Beware, this article will contain spoilers. I will, however, refrain from swearing the way I’d like to.
You know there’s something wrong with a season’s finale when the credits start to roll and the first thing you want to do is ask Google, “Are you sure there were twelve episodes in that season? Are you certain there wasn’t a thirteenth one in there somewhere? How sure?”
Yeah, that’s what happened at the end of American Horror Story: Hotel.
And I’m not talking that “I want more” feeling you get when you watch a show with an unorthodox, cliffhanger ending, of which I am a huge proponent. Instead, writers Ryan Murphy and Brad Falchuk left me with that empty feeling that you get even though all your loose ends have been tied up—like a hasty and confusing breakup. Thanks, Ryan and Brad.
With a cast of AHS veterans (including Dennis O’Hare, Sarah Paulson, Kathy Bates, and Evan Peters) and celebrities new to the show (Lady Gaga, Matt Bomer, Wes Bentley), the audience went in with high expectations for Hotel — especially after Deadline’s interview with Murphy, where he claimed, “It’s going to be difficult to top this one because of the star power, and also the story is so riveting,” back in June, before the season ever aired.
I can’t say for sure from where the show’s horrible ending stemmed: maybe the writers got ahead of themselves in their excitement over the “star power” of the show. Or maybe they got too carried away with the “riveting story,” filling up too much space in the AHS vacuum and then wrapping it up too quickly in order to keep the plot from seeping through the cracks. Who knows — we could sit here scratching our heads until the day Murphy and Falchuk explain that one. I can, however, say why the finale was such a wreck.
With as many characters as Hotel has, one can imagine an incredible opportunity for plots, subplots, sub-subplots, and backstories, but with greater content comes greater responsibility. Unfortunately, it doesn’t seem like Murphy and Falchuk realized this. In the finale, Hypodermic Sally’s (Sarah Paulson) addiction demon was written off of the show through a cop-out solution. Sally suddenly develops a new, benign addiction to social media, ridding her of her demon. This solution, which panders to millennials, undermines the mystery and terror that the demon had consistently brought to the show this season. John’s (Wes Bentley) story is definitely the worst offender. The guy becomes a serial killer in the middle of the season, only to get shot unceremoniously in front of the hotel and condemned to see his family just once a year in the finale. Come on! Considering the earlier focus on John’s domestic situation and his individual struggle with alcoholism, this ending takes a huge step back in terms of why we even cared about his character in the first place. Not to mention the grossly lovey-dovey nature of everyone else’s ending: Donovan (Matt Bomer) finally tells his mom he loves her (after fighting it for who-knows-how-long?) and Liz’s (Dennis O’Hare) assisted suicide is extravagant and almost as unnecessary as her excessive presence in the final episode, considering her role as a secondary character for 92% of the season.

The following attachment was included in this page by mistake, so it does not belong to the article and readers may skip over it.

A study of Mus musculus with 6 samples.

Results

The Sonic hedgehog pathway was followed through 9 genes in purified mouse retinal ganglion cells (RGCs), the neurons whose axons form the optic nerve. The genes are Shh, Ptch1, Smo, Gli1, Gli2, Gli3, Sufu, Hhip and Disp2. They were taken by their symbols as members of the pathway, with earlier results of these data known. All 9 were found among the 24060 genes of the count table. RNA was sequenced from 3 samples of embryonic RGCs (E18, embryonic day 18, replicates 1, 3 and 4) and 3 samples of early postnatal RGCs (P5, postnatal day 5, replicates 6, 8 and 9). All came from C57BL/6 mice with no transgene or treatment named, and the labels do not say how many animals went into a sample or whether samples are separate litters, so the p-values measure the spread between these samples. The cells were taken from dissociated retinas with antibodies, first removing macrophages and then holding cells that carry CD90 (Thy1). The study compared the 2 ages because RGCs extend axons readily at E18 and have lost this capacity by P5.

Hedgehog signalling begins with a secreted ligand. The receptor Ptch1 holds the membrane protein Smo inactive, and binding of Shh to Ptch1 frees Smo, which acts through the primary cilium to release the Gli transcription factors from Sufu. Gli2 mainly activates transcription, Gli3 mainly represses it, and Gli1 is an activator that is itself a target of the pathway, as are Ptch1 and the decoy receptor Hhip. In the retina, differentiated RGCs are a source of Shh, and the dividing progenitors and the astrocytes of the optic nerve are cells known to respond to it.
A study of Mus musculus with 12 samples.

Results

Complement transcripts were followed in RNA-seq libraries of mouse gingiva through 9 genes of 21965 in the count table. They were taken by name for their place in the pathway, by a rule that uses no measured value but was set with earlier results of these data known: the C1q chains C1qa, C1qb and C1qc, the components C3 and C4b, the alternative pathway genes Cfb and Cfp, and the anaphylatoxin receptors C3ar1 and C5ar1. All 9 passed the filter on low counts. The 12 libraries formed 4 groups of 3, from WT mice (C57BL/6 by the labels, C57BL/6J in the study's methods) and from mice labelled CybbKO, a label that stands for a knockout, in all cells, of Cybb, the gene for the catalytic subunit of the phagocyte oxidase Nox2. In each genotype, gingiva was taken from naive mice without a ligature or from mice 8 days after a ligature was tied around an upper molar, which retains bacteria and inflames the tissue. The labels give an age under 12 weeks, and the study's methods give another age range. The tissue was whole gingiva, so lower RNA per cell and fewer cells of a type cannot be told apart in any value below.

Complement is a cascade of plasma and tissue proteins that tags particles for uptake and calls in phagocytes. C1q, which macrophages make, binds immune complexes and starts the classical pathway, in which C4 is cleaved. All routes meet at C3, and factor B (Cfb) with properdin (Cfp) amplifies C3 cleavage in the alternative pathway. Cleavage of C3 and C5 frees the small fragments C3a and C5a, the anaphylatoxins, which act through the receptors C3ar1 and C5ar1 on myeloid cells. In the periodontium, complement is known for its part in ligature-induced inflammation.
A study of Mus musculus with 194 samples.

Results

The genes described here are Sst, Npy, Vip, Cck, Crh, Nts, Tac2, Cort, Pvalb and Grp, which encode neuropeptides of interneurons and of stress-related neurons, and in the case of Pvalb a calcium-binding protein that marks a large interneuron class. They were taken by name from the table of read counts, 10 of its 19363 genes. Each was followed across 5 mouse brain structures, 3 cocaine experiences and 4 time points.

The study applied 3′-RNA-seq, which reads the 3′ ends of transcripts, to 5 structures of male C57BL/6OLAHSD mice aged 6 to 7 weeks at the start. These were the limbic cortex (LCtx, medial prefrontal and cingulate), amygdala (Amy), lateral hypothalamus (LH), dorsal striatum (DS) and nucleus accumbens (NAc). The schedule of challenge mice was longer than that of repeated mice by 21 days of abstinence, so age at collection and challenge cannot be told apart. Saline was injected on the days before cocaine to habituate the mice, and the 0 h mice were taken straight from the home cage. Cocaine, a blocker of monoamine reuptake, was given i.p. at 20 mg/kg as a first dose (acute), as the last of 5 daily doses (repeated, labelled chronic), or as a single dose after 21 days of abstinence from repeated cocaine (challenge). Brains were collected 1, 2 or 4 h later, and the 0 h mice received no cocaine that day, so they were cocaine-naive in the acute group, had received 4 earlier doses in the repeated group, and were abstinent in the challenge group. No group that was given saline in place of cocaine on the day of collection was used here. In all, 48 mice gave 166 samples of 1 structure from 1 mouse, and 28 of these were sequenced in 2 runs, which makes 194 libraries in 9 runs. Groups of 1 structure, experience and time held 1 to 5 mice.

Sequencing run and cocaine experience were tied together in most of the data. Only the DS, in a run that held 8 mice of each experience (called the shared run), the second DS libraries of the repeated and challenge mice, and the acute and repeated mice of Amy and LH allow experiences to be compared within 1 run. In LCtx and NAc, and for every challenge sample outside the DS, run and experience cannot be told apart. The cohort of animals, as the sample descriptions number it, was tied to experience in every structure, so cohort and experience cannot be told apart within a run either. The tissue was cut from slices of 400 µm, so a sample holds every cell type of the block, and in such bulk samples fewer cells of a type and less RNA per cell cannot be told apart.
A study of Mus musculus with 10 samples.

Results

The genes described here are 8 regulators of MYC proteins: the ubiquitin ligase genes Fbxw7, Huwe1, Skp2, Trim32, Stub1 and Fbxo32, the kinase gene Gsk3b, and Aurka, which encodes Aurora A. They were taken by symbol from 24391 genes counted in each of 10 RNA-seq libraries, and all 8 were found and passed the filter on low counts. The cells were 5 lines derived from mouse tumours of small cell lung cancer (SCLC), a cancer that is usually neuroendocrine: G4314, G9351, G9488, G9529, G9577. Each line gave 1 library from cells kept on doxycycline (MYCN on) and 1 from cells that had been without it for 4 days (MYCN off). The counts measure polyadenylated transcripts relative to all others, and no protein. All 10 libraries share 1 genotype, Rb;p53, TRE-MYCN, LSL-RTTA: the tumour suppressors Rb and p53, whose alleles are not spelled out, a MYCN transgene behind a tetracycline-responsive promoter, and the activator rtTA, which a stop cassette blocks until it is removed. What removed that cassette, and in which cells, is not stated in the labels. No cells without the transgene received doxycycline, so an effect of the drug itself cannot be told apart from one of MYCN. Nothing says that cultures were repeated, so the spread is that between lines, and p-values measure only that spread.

Within the 50-minute frame of the final episode, not enough time or effort was devoted to each individual character, and their developments through the course of the season were not done justice. Not only this, but the writers were hasty in their need to connect and resolve plot lines that had not yet been explored, leading them to absurd solutions to these problems. Despite the writers’ efforts to give the audience a satisfying conclusion to an otherwise great season, the episode had us feeling like we were left sitting with our dicks in our hands at the end of it all.
Featured image courtesy of variety.com.